Why climate change means you must diversify your supply chain
Along with accelerating climate change, comes disruption to organizations, their assets, infrastructures – and even external links such as supply chains. Environmental risks in supply chains are projected to cost companies USD120 billion by 2026.
Organizations need to build climate resilience. They need to act not just solely on the climate risk facing the assets they own, but also on the assets they rely upon, like those in their supply chain.
Iggy Bassi, Founder and CEO at Cervest says: "What we are witnessing is that the surface area of risk is expanding - with new regions, cities, and countries reaching new thresholds. Our infrastructure is not built to withstand some of the forecasted changes."
How climate disruption impacts supply chains
When supply chains are impacted by climate hazards or extreme climate events, everything can grind to a halt. The production and distribution of goods and services can be completely obstructed, resulting in cancellations or delays, and upheaving entire supply chains. That is why companies need to diversify their supply chains, to be more resilient to climate change.
Diversified supply chains mean companies won’t rely too heavily on products, materials, or services from countries or regions that might be affected by the same climate hazards. For example, if a supplier's asset is flooded in one region, then production can still continue in another place and the chain is not broken.
The UN reports that global drought duration and frequency have increased by nearly a third since 2000. Droughts or extreme weather events that affect water availability can dramatically reduce or stop operations in water-reliant industries like big pharma. Delayed or halted production and distribution of vital medicines can have catastrophic results around the world.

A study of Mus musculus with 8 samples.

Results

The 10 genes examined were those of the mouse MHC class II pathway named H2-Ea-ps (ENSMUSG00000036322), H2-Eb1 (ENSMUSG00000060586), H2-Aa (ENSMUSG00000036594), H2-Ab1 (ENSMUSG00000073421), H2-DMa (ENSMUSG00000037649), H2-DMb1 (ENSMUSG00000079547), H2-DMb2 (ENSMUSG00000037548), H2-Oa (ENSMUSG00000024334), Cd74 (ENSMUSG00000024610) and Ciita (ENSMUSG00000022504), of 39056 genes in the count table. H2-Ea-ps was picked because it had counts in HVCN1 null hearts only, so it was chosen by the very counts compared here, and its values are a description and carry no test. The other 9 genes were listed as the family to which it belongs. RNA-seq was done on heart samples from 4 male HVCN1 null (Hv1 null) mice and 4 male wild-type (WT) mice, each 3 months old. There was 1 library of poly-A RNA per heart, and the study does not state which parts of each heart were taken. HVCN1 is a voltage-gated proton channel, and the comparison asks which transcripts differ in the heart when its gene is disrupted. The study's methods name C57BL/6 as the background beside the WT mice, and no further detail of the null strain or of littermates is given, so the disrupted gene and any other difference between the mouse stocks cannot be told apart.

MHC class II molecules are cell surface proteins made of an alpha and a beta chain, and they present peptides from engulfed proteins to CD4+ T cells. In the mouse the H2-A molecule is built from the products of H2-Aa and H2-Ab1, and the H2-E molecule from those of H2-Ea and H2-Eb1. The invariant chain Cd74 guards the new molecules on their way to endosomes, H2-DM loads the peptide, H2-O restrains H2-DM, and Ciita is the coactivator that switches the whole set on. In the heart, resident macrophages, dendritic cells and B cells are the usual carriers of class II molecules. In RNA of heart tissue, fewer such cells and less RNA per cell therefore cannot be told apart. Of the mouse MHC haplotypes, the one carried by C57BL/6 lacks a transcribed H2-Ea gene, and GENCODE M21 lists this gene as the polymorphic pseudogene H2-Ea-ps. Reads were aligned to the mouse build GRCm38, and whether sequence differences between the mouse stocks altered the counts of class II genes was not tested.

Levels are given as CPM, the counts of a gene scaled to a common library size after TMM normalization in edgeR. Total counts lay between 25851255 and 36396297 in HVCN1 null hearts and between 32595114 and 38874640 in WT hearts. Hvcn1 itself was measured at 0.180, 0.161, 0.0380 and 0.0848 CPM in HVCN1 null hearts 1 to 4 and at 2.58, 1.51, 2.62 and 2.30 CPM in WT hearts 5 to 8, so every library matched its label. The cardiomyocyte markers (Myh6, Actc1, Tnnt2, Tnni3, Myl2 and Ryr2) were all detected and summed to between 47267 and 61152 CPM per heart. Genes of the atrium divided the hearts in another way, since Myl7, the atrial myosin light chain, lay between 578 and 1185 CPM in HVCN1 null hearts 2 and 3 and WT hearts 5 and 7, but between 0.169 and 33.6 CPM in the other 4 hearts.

In manufacturing, production lines depend on many elements including operating factories, raw materials, and assemblers. Then there is the transportation of products to retailers. According to the BCI Extreme Weather and Climate Change Report 2022, transport issues caused by extreme weather have delayed or prevented 50% of companies from acquiring critical products. Any break in the chain can cause chaos.
Maintaining business continuity with diversity
Extreme weather has forced 32% of businesses to source goods from a more expensive supplier. By proactively investigating climate risks and hazards as part of due diligence, organizations can begin to put contingency plans and alternatives in place and avoid inflated costs. By diversifying and having varied supply chain options, they do not risk being over-reliant on certain suppliers, which can ultimately protect their bottom line.
For suppliers, being able to show that they are acting on climate risk also makes them more competitive. Demonstrating their ability to ensure business continuity by reducing their exposure to climate risk is an alluring proposition for any Just-in-Time manufacturer. Having such knowledge readily accessible during negotiations establishes climate intelligence as a powerful ally to any competitive business.
How climate intelligence (CI) can help organizations build a diversified supply chain
Climate intelligence helps companies not only act on the climate risk facing the assets they own but also their supply chains. By accessing science-backed, decision-useful climate intelligence, organizations can screen both their assets and the entire supply chain they depend on so heavily.
EarthScan™ is a climate intelligence product that allows organizations to spot the weakest links in their supply chain, by individually rating each asset for climate risk. This helps companies to make informed decisions on suppliers and diversification plans, ensuring they are building a robust international network that will be able to support their operations and enable business continuity throughout the climate crisis – sourcing suppliers with low climate risk is part of this.
CI can be seamlessly integrated into supply chain due diligence and EarthScan’s on-demand climate intelligence enables companies to rapidly screen the potential supplier for climate risk across multiple emission scenarios, time steps, and climate hazards simultaneously. Access to EarthScan provides repeatable and scalable processes that enable a quick and accurate appraisal. Having such knowledge readily accessible establishes climate intelligence as a powerful ally to any competitive business.
To find out more about building climate resilient supply chains, download our supply chain infographic.